A police officer is seen beating a student protester in Letpadan on Tuesday. Journalists covering the protest were harassed, attacked, and detained by police. (AP/Gemunu Amarasinghe)
A police officer is seen beating a student protester in Letpadan on Tuesday. Journalists covering the protest were harassed, attacked, and detained by police. (AP/Gemunu Amarasinghe)

Journalists assaulted, detained in Myanmar crackdown

Bangkok, March 12, 2015–Journalists covering a security force clampdown on a student protest in central Myanmar on Tuesday were harassed, attacked, and detained by police, according to news reports. The Committee to Protect Journalists condemns the assault on and detention of journalists and calls for the immediate and unconditional release of all reporters in police custody.

For more than a month, students have protested in the central town of Letpadan against a new education law that they said threatens to restrict academic freedoms, according to news reports. In Tuesday’s protest, police and agents in plainclothes used batons, sticks, and other objects to attack student protesters and journalists covering the protest, according to news reports. Police arrested more than 100 individuals, including journalists, after the protesters breached a police barricade intended to block them from traveling to the country’s commercial capital, Yangon, news reports said.

“If journalists cannot cover newsworthy events without being beaten or arrested, then Myanmar’s supposed media reforms have truly amounted to nothing,” said Shawn Crispin, CPJ’s senior Southeast Asia representative. “We call on Myanmar authorities to respect the civilian status of journalists and allow the media to cover the country’s growing number of anti-government demonstrations without fear of reprisal.”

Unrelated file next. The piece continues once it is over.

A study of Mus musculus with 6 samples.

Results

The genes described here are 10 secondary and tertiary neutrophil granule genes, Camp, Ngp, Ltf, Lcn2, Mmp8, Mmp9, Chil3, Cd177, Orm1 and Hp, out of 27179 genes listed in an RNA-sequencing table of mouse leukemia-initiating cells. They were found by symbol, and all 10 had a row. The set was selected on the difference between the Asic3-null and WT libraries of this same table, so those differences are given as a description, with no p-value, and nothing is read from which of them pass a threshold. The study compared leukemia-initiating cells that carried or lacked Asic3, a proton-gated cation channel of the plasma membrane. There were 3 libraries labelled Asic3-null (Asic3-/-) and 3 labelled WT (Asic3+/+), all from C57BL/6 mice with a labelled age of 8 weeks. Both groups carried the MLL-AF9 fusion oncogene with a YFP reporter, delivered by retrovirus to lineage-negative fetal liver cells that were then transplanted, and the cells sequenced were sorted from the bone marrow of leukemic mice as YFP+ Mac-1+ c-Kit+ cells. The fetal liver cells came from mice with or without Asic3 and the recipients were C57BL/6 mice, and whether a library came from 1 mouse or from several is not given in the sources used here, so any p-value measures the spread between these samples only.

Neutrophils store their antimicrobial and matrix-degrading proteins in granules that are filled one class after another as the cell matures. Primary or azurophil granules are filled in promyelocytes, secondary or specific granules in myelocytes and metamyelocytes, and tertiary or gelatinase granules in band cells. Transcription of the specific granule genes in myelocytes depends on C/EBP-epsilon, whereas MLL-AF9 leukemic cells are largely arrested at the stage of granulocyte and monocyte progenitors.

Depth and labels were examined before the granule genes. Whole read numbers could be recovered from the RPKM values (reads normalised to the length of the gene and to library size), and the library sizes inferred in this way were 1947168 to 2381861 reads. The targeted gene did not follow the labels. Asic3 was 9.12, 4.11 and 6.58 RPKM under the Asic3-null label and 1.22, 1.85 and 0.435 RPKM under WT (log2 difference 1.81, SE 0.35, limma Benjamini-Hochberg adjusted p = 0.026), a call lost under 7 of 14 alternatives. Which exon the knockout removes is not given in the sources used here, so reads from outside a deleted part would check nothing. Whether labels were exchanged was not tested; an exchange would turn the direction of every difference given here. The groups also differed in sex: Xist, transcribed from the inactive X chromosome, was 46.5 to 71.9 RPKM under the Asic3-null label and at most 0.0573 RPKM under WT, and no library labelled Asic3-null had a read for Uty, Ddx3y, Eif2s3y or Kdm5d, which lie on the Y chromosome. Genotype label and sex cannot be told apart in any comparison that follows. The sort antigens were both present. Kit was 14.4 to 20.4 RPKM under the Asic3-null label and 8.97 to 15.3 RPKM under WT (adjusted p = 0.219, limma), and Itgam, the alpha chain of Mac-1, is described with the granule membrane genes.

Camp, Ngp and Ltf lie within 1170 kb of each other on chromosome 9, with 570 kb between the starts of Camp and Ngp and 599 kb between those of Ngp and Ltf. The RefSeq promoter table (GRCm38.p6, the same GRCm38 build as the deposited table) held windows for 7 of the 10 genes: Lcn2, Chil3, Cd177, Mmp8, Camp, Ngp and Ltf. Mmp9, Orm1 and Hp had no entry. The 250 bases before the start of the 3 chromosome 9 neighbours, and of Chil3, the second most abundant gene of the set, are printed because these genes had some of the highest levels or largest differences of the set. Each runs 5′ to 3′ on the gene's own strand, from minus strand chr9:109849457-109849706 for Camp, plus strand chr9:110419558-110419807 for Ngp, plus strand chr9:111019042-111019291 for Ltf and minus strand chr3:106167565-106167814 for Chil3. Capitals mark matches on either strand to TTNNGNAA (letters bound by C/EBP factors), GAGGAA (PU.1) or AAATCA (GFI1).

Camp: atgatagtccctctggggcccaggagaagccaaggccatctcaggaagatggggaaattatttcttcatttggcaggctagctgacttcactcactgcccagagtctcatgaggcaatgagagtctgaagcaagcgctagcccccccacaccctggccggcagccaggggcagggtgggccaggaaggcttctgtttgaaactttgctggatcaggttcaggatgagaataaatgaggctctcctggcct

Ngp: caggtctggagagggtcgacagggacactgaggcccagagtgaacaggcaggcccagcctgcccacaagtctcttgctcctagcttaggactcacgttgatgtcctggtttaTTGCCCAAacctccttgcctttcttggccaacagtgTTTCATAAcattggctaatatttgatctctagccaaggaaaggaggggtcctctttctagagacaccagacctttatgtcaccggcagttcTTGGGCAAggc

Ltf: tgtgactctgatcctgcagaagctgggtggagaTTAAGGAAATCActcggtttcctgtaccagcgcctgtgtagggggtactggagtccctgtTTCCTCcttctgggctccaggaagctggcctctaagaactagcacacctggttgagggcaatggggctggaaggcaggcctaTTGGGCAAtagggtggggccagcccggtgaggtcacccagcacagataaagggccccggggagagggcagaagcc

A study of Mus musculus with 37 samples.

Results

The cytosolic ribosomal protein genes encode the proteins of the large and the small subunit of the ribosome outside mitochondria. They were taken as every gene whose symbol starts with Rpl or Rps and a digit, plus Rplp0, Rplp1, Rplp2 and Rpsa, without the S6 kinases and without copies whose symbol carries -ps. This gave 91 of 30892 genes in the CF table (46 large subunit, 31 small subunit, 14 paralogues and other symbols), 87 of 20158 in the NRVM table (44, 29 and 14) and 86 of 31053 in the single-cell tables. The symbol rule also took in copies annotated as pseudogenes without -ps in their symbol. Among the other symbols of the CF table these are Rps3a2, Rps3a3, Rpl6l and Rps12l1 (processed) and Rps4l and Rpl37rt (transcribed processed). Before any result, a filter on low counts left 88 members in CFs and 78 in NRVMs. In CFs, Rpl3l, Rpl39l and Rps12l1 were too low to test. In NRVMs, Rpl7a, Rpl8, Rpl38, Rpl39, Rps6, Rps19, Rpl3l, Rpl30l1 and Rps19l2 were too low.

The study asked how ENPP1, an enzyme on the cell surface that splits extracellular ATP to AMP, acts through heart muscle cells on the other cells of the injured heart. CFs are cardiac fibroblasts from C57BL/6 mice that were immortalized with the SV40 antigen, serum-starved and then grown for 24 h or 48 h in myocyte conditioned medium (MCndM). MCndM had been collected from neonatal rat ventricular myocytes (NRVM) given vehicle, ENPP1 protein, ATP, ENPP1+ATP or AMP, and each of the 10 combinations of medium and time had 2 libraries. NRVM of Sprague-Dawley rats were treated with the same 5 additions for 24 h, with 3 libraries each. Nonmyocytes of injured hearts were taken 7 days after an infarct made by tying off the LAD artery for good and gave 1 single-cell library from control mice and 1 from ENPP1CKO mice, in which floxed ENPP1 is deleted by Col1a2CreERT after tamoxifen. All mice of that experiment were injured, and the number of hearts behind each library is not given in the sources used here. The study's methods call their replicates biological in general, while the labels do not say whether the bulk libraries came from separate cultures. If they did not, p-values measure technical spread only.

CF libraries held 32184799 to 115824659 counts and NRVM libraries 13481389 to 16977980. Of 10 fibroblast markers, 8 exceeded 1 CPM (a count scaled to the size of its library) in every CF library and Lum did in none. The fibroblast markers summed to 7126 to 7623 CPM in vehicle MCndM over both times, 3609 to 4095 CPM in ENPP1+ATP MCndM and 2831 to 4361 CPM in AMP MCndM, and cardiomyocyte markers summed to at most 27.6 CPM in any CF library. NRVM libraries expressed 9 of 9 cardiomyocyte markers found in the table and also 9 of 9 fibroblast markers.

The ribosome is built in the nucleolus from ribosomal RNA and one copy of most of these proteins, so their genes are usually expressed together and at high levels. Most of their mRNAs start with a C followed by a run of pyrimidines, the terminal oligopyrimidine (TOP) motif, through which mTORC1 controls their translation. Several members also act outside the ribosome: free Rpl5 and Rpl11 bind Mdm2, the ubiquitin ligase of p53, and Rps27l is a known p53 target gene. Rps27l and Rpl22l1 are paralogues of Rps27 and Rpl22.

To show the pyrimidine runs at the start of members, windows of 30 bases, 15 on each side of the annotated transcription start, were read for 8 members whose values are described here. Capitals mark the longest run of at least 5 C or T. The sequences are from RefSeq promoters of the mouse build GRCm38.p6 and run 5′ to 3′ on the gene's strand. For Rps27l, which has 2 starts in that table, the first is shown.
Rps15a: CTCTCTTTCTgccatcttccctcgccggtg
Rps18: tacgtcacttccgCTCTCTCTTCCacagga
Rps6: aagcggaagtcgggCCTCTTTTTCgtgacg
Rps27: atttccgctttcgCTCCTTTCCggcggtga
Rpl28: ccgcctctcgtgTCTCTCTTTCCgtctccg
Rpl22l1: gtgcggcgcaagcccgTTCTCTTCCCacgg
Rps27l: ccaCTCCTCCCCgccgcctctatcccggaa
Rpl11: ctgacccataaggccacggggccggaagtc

Police arrested Phyo Aung Myint, a journalist at the local Reporter News Journal, and Nyan Lin Tun, a reporter for the local-language Myanmar Post, as they were covering the protests, according to news reports and CPJ’s correspondence with local editors and journalists. It was not immediately clear if the journalists had been charged or what allegations they face.

Several journalists reported being beaten by security forces while covering the protest. Sai Zaw and Steve Tickner, photographers for the exile-run news outlet Irrawaddy, said they were struck by batons and rocks while they were trying to photograph the protests, the outlet said. Nyan Gyi, a videographer for Democratic Voice of Burma, said police hit him with a baton but that he did not sustain serious injuries, according to DVB‘s editor-in-chief, Toe Zaw Latt, who told CPJ by email. Police also beat Ko Myo, a reporter with the local Pyi Htaung Su Daily, who sustained injuries to his head and body, according to Ma Thida, president of Myanmar Pen, who told CPJ by email.

The Myanmar Press Council, a quasi-independent local press group, issued a statement cited in reports that said journalists covering the protest “neither supported, nor condemned, nor participated in the protest.” The council said the arrests of and attacks on journalists violated various laws, including a recently enacted Media Law that includes provisions guaranteeing press freedom.

Journalists covering protests in Myanmar face increasing risks. On March 4, DVB reporter Myo Zaw Lin and 7Day Daily journalist Ko Nikki were detained while covering a labor protest in Yangon, according to reports. Both were released the same day without charge, but state-run media reported they were held for violating a media code of conduct, according to DVB editor Toe Zaw Latt, who did not give further details.